Imagine if Kennedy had run against Barry "Extremism Is No Vice" Goldwater as the "Peace Candidate" in 1964?

Ambassador Galbraith's son, James, makes the case JFK would not have committed the U.S. to an unwinnable civil war in Vietnam.

Exit Strategy

In 1963, JFK ordered a complete withdrawal from Vietnam

James K. Galbraith

Forty years have passed since November 22, 1963, yet painful mysteries remain. What, at the moment of his death, was John F. Kennedys policy toward Vietnam?

Its one of the big questions, alternately evaded and disputed over four decades of historical writing. It bears on Kennedys reputation, of course, though not in an unambiguous way.

And today, larger issues are at stake as the United States faces another indefinite military commitment that might have been avoided and that, perhaps, also cannot be won. The story of Vietnam in 1963 illustrates for us the struggle with policy failure. More deeply, appreciating those distant events tests our capacity as a country to look the reality of our own history in the eye.

One may usefully introduce the issue by recalling the furor over Robert McNamaras 1995 memoir In Retrospect. Reaction then focused mainly on McNamaras assumption of personal responsibility for the war, notably his declaration that his own actions as the Secretary of Defense responsible for it were terribly, terribly wrong. Reviewers paid little attention to the books contribution to history. In an editorial on April 12, 1995, the New York Times delivered a harsh judgment: Perhaps the only value of In Retrospect is to remind us never to forget that these were men who in the full hubristic glow of their power would not listen to logical warning or ethical appeal. And in the New York Times Book Review four days later, Max Frankel wrote that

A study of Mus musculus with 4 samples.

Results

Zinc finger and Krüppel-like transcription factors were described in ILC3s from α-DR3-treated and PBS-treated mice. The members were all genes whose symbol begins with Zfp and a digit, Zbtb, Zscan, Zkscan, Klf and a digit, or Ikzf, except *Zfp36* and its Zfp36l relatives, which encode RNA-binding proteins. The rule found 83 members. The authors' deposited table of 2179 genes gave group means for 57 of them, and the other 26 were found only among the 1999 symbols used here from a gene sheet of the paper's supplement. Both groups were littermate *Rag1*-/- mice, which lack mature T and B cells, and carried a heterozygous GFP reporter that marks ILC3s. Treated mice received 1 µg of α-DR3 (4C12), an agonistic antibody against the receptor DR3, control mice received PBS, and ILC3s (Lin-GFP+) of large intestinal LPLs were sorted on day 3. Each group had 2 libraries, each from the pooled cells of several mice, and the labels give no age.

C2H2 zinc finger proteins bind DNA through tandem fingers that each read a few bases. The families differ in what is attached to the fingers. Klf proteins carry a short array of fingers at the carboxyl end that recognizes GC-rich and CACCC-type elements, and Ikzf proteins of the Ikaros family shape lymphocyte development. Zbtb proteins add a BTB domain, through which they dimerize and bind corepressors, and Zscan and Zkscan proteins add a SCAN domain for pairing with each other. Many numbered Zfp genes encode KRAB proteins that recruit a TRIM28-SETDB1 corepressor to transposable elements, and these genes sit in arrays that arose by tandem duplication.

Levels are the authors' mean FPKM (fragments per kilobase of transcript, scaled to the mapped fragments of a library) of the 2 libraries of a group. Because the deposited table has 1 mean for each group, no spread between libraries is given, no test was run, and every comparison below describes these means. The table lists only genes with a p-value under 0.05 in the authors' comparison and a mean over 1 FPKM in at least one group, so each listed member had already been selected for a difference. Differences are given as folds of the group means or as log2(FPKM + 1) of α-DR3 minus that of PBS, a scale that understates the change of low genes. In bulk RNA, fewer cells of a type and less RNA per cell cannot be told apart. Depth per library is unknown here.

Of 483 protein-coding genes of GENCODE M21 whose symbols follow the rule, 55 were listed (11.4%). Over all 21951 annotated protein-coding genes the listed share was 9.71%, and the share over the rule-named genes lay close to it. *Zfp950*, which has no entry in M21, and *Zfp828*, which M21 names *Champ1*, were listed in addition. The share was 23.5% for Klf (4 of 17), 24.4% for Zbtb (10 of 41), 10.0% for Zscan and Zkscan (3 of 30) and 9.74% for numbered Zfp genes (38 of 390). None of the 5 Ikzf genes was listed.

David Halberstam, who applied that ironic phrase to his rendering of the tale 23 years ago, told it better in many ways than Mr. McNamara does now. So too, did the Pentagon Papers, that huge trove of documents assembled at Mr. McNamaras behest when he first recognized a debt to history.

In view of these criticisms, readers who actually pick up McNamaras book may experience a shock when they scan the table of contents and sees this summary of Chapter 3, titled The Fateful Fall of 1963: August 24November 22, 1963:

A pivotal period of U.S. involvement in Vietnam, punctuated by three important events: the overthrow and assassination of South Vietnams president Ngo Dinh Diem; President Kennedys decision on October 2 to begin the withdrawal of U.S. forces; and his assassination fifty days later. (Emphasis added.)


How's that peace dividend going, America?